In early summer each year, colleges and universities across the nation begin to send information to their newly admitted students about orientation, class registration, and, of course, a list of dorm-room essentials. Many of these schools will also send out a roommate questionnaire, which allows students to select their sleep and study habits, food preferences, and musical likes and dislikes (as well as a bevy of other run-of-the-mill questions), so that their institution’s division of residence life can accurately match new freshmen as roommates.
This year, however, students may find a new topic area not only on their questionnaires, but also on their initial applications: sexual orientation. And while many may be quick to condemn this addition—and, believe me, I’ve heard some pretty outlandish criticism—their comments are generally shortsighted and eclipsed by the overwhelming benefits institutions can provide to students by collecting this type of information.
The addition of questions explicitly pertaining to sexual orientation can be traced to the 2011-2012 application cycle with Elmhurst College, a small, private liberal arts school located in Illinois. Prior to Elmhurst’s landmark step, many schools used secondary information to identify potential members of the LGBT community. This information included excerpts from essays, participation in specific organizations, such as a Gay-Straight Alliance while in high school, and the use of keywords within an application. This method of data collection relied on estimates and was generally conducted for statistical purposes only.
In 2011, however, Elmhurst announced that the college would be adding questions explicitly concerning sexual orientation to its application. Elmhurst President S. Alan Ray likened the college’s move to include these questions to those pertaining to any underrepresented student group. “As for all students from underrepresented groups,” Ray noted, “the sooner we know how many such students to expect, the better we can plan appropriate co-curricular programming, as well as link up those students with their particular campus affinity groups” (Foley, 2012, p.1).
And while the administrative decisions of a small, private liberal arts school caught the attention of some, the University of Iowa’s decision to follow suit just one year later started a national discussion on the subject. According to the university’s website, the move was framed to be in line with the school’s leadership on civil rights issues. Iowa’s director of admissions, Michael Barron, noted that questions gauging LGBT population density make sense at a school whose home state was the first Midwestern state to legalize same-sex marriage. To be sure, students consider a variety of factors when they apply to schools, such as location and cost of attendance, but also are interested in social issues to make sure they “fit in” to the campus environment (Foley, 2012, p.1).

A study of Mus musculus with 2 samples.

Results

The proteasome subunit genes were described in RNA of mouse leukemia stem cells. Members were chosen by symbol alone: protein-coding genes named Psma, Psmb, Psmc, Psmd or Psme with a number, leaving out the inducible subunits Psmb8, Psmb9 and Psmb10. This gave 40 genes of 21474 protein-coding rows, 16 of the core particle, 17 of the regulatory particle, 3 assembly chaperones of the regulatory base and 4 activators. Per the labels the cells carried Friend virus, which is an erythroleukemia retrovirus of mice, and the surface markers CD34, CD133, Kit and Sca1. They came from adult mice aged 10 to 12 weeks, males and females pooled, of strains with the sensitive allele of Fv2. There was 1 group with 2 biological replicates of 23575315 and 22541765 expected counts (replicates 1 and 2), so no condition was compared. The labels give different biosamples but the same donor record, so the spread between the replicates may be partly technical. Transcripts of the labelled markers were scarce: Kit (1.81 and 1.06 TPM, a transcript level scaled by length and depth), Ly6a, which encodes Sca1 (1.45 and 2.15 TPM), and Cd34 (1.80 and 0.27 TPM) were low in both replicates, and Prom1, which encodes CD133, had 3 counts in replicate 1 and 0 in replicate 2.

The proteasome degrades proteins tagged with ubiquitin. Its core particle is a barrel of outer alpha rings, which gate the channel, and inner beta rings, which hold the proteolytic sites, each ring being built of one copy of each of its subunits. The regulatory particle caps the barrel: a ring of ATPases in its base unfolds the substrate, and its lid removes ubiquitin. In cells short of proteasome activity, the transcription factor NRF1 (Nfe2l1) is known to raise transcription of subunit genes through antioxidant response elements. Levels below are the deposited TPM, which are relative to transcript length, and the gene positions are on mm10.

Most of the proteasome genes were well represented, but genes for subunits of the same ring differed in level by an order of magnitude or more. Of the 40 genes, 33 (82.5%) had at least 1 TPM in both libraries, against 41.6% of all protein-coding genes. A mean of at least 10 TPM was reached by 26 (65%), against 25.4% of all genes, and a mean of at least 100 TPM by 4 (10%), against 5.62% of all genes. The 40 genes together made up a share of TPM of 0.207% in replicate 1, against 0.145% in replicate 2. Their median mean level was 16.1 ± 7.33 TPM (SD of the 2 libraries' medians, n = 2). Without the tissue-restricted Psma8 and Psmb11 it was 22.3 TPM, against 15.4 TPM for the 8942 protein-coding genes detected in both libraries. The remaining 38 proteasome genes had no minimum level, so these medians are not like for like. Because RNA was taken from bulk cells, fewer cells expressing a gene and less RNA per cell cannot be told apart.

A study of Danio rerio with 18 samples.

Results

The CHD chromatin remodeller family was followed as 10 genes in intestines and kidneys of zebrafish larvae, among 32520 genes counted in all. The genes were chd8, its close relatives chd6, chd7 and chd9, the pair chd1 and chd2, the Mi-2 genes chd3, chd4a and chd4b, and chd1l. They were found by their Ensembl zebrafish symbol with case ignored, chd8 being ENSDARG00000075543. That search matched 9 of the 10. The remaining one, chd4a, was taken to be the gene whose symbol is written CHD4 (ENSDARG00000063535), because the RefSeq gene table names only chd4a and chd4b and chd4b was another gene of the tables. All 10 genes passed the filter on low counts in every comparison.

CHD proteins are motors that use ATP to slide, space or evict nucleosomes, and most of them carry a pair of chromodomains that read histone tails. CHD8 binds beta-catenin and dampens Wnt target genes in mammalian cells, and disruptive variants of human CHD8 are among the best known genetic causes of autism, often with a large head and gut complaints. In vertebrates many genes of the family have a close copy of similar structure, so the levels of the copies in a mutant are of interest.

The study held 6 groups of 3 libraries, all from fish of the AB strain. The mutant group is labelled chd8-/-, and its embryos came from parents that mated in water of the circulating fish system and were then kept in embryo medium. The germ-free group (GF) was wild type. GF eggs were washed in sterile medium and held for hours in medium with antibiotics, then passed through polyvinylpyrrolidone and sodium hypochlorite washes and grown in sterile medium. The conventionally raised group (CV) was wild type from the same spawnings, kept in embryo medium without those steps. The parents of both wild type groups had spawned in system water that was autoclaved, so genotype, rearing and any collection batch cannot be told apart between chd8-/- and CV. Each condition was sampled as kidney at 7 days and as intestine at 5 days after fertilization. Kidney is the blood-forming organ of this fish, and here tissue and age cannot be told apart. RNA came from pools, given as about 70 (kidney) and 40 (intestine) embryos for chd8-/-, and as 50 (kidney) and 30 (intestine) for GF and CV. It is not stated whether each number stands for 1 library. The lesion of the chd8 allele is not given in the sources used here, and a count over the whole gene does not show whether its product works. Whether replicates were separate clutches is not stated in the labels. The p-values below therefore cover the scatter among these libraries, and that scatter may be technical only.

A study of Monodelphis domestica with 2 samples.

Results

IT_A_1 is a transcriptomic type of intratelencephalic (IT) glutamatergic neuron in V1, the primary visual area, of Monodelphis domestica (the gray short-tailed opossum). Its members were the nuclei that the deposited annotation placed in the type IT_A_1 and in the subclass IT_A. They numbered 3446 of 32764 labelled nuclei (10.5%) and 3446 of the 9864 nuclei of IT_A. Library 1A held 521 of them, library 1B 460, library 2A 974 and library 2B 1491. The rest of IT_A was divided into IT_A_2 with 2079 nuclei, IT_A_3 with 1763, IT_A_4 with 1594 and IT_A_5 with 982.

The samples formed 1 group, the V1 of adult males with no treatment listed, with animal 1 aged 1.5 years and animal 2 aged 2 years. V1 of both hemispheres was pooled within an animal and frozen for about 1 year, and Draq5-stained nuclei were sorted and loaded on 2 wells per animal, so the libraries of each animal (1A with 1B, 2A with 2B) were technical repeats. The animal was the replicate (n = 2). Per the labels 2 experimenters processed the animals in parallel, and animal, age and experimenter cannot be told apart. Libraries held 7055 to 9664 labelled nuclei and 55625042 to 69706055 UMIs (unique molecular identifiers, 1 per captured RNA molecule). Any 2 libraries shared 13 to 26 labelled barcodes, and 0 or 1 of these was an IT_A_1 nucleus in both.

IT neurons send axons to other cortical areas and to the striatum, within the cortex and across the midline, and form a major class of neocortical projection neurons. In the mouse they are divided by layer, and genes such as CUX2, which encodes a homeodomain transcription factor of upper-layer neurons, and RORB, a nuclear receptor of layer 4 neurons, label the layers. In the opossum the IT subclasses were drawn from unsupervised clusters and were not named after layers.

It makes a great deal of sense to follow in Elmhurst’s and Iowa’s footsteps on this front. In an educational environment where resources, such as funding, event space and staff, are becoming increasingly difficult to secure, why wouldn’t an institution want to have the most possible accurate information about who is actually attending? Consider the way universities already track data points such as race, religion, and nationality. Many of these diversity factors are visual, making it easy to identify students who belong to these groups. Sexual orientation, however, is not always immediately apparent, making it incredibly difficult to ascertain without tactfully asking.
To be sure, the current system of simply not knowing the LGBT student population density forces colleges to assume they are equitably funding and providing resources and programs—and we all know some of the negative assumptions associated with assuming. Furthermore, more complete student demographic information will allow university officials to better track graduation rates, re-evaluate academic course offerings, and promote new student housing and programming options.
One of the biggest arguments against the addition of inquiries regarding sexual orientation involves questions of applicant privacy. Many schools are quick to note that applicants may not feel comfortable truthfully answering a question concerning sexual orientation while still in high school; others make note that the inclusion of such questions somehow takes away from the serious nature of college applications.
The latter of these two arguments is pure malarkey; college applications are already asking less than serious questions about a student’s possible interest in a Quiddich club, for example. And, while the former does have some merit—I, myself, would not have felt comfortable disclosing that type of information at that particular time in my life—the very fact that there IS such a question sends a message of inclusion to “closeted” high school students throughout the nation.
So, what does the future look like concerning questions regarding sexual orientation on college applications and what housing preference forms look like? For now, the Common Application board has condemned its member institutions to be denied this useful information when, in late 2011, it rejected a proposal to incorporate sexual orientation. I, however, agree with University of California Academic Senate Chair Robert Anderson’s comments that “sexual orientation is a part of diversity and cannot be ignored” any longer (Caldwell, 2012, p. 1).
In short, the sooner colleges and universities begin to respectfully and confidentially collect data concerning sexual orientation, the sooner valuable (and increasingly scarce) resources can be allocated toward LGBT-oriented programming and organizations.
Andrew E. Bunting is an Admissions Counselor at George Mason University.